Published: 24 March 2016

Remembering Eleanor Rathbone

eleanor rathbone

Eleanor Rathbone is renowned for being an influential women’s rights activist and social reformer, but also for becoming the first woman to be elected to Liverpool City Council. Inspired by the “Utopia Calling: Remembering Eleanor Rathbone” exhibition, School of the Arts student, Heather Christian, looks at the woman who had such a remarkable effect on society:

“For many students at the University of Liverpool, Eleanor Rathbone is either the name of a building or the name of a benefactor from times gone by. In fact, Eleanor Rathbone was far more; a tireless activist for social justice, a campaigner for women’s suffrage, a University lecturer, and a pioneering female politician. In this year, the 70th anniversary of her death, we take a closer look at this truly remarkable woman.

Image above shows Eleanor Rathbone (second left) and other suffragists campaigning in support of the pro-women’s suffrage candidate in the Kirkdale by-election, 1910

Eleanor Florence Rathbone was born into the prominent Rathbone family in 1872. The Rathbones were a uniquely philanthropic family; Eleanor’s father was responsible for establishing the very first District Nursing system in Liverpool. Eleanor grew up close to her father, sharing the same commitment to social justice, and with his encouragement she won a place at Somerville College at Oxford.

Her heart, however, always remained with her home city. Eleanor’s passion for social reform first came to prominence in 1905, when she published a report into working conditions of the Liverpool Dockers. It was also at this time she helped to set up the School of Social Science at the University of Liverpool, becoming one its first lecturers.

To be a female lecturer in 1905 would once have been seen as an achievement in itself, yet this was just the beginning of Eleanor Rathbone’s impact upon society. In 1909 she made history by being elected to the Liverpool City Council, almost a decade before women won the vote, something even she herself was amazed by. Furthermore she was able to stay in this position for a staggering 25 years.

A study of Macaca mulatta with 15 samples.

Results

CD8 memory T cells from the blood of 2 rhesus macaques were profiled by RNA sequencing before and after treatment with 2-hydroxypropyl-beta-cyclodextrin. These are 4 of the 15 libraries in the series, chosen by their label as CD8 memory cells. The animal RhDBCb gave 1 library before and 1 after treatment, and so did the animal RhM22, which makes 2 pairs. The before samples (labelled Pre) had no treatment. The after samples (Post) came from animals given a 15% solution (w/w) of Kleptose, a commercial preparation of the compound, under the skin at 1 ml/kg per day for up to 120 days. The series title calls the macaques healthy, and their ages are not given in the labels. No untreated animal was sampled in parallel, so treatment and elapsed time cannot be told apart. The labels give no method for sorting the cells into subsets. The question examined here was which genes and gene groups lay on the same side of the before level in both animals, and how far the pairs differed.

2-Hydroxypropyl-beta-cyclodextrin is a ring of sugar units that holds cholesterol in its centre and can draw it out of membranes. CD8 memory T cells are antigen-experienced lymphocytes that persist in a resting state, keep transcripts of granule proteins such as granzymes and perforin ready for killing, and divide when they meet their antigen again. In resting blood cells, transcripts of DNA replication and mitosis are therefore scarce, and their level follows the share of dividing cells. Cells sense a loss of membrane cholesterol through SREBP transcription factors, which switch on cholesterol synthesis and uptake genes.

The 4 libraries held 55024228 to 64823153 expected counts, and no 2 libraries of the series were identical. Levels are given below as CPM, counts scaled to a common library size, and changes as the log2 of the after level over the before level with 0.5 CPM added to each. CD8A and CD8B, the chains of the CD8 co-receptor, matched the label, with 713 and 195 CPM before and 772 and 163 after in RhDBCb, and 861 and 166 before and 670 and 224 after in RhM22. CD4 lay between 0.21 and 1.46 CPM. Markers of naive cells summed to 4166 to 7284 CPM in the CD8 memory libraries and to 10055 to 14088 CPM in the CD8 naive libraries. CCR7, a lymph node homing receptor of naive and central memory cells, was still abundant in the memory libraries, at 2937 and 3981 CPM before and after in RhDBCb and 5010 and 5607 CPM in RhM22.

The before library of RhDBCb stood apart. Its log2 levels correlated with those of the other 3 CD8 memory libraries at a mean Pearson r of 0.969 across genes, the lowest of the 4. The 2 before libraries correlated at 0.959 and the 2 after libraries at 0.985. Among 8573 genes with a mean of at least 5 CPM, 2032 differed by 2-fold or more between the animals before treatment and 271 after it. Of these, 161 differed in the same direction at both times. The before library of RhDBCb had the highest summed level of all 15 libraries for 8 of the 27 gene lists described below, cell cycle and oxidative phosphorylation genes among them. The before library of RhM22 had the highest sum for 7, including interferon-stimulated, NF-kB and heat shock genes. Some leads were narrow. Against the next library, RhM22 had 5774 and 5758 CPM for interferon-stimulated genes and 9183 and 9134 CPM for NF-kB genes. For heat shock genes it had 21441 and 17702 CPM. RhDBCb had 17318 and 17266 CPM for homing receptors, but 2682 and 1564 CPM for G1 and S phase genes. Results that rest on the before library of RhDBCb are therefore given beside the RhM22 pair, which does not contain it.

Jenny Higham, Special Collections and Archives manager reflects that: “Eleanor Rathbone was a remarkable woman who dedicated her life and her considerable energy to social reform.  Her politics were fundamentally shaped by her feminism, and she campaigned both locally and nationally to bring about votes for women and introduce family allowances.

“Eleanor deserves to be remembered for her effectiveness as a Member of Parliament, and crucially one who was able to translate her ideas into practical achievements.”

The Utopia Calling Exhibition demonstrates that Eleanor was not content to be one of the first female politicians. Prominently displayed is a photo of Eleanor campaigning outside the offices of the Liverpool Women’s Suffrage Society alongside Millicent Fawcett, a leading Suffragist.

Eleanor pushed for women to become more involved in local politics and social aid and led the way by setting up organisations to support widows and dependants of soldiers from Liverpool killed during the First World War. In 1918, she argued for a system of family allowances paid directly to mothers. Even today she is acknowledged as pioneer of this system, eventually passed into law in 1945.

With the arrival of female MPs, it was only a matter of time before Eleanor was elected to represent Combined English Universities, including the University of Liverpool. She used her national platform to champion the cause of not just British women, but of females in places like India and Kenya. Despite such international reach, she always kept focus on the plight of the needy close to home and campaigned during the Great Depression for cheap milk and child benefit, measures which would later come to fruition.

Rathbone came to be seen as a formidable politician (junior ministers would reportedly try to hide behind pillars at Westminster if they saw her coming) and stood against the pressure of Appeasement of the late 1930s to denounce Nazi Germany for its aggression and anti-Semitism.

When she died in 1946, Eleanor Rathbone had ensured that she wouldn’t be remembered just as an early female politician, but as a tireless campaigner for equality and social justice across Britain and the world. Her contribution to the University of Liverpool ensured it would go on to cater for all and her commitment to female suffrage and the rights of the poor were second to none.

Today the Eleanor Rathbone Trust is still active in Ghana, helping to provide education to poverty-stricken children. Seventy years after her death it is more important than ever to remember the unique and long-lasting contribution of this determined and pioneering woman which has helped shape the fairer world we live in today.”

The exhibition is located in the Sydney Jones Library in Special Collections and Archives and will run until Monday, 11 April 2016.